WASHINGTON—JetBlue flight attendants have voted to join the Transport Workers Union by a margin of almost 2–1, according to results announced Apr. 17.
Out of the airline’s roughly 5,000 in-flight crew members, slightly more than 4,000 cast ballots during the four-week process, and 66% supported the union.
“JetBlue is an extremely profitable corporation, and now the time has arrived for these frontline workers to be appropriately compensated for their undeniable contribution in bringing JetBlue this high level of success,” TWU International President John Samuelsen said in a statement. “This historic victory is yet another example of the tide turning in America as workers collectively fight back to defend their livelihoods.”
“We are elated, ecstatic, relieved, and filled with a sense of accomplishment,” flight attendant Lyndi Wade told LaborPress via email. The margin of victory, she said, “brings some clout to the negotiating table.”
“I’m extremely proud of our work group’s accomplishment,” added Brendan Moriarty. “The tremendous support demonstrated in the vote tally shows how ready we are for positive change.”
The union will be the second one at JetBlue. Its pilots joined the Air Line Pilots Association in 2014.
Flight attendants had been trying to organize a union for almost ten years, and eventually asked the TWU for help. They began collecting signed union-authorization cards last August, and handed in more than 3,000 to the National Mediation Board, the federal agency that oversees labor issues in the airline and rail industries, in early December.
JetBlue said in a statement that while it respected the outcome of the election, it was “disappointed in this result because we believe the direct relationship is superior to third-party representation.”
“I think the union won because the direct relationship with the company no longer worked,” Wade says. “It was one-sided, and it became very apparent to most flight attendants that we did not usually benefit from the gray areas in our work rules. The company has betrayed our trust numerous times, and the $25 email was the straw that broke the camel’s back. Once you break trust, it is very hard to mend.”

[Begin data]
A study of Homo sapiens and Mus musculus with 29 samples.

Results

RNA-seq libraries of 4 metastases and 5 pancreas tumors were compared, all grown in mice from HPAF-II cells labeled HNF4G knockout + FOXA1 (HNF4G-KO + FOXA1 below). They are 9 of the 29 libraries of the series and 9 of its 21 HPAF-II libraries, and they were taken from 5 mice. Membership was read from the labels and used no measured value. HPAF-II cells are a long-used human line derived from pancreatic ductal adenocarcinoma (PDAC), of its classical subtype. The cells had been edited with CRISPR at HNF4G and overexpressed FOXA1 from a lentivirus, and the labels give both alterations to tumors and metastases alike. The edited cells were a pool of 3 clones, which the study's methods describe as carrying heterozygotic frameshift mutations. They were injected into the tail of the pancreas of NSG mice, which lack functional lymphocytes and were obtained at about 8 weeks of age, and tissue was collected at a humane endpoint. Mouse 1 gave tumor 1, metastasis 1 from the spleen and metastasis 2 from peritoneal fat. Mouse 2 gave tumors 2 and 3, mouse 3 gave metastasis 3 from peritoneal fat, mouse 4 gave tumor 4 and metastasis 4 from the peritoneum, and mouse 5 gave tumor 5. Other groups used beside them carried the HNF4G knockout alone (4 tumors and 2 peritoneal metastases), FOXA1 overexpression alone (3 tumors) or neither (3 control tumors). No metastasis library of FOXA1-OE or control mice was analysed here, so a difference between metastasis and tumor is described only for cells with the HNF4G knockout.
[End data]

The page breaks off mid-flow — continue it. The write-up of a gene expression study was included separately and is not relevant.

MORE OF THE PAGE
Last April, news about the company offering a $25 voucher to passengers who complained about crew members using a cell phone on the plane spread rapidly among flight attendants.
Other key concerns, the TWU said, include job security, representation and due process in disciplinary cases, improved wages and benefits, and having a voice in what would happen if the airline is merged or sold.
Next on the agenda are electing a negotiating team and beginning talks for a first contract. The company statement did not pledge to reach an agreement, just saying that “once the National Mediation Board authorizes the TWU as the representative body for JetBlue in-flight crew members, both JetBlue and TWU will organize negotiating committees.” The Air Line Pilots Association, which has not yet gotten its first contract, asked for federal mediation last summer.
“It is our sincerest wish that the company comes to the table and bargains a fair and just contract,” Samuelsen said. “But if JetBlue refuses to bargain in good faith, this union is prepared to engage in a fight-back campaign that will continue until a contract is secured and the in-flight crew members are protected.”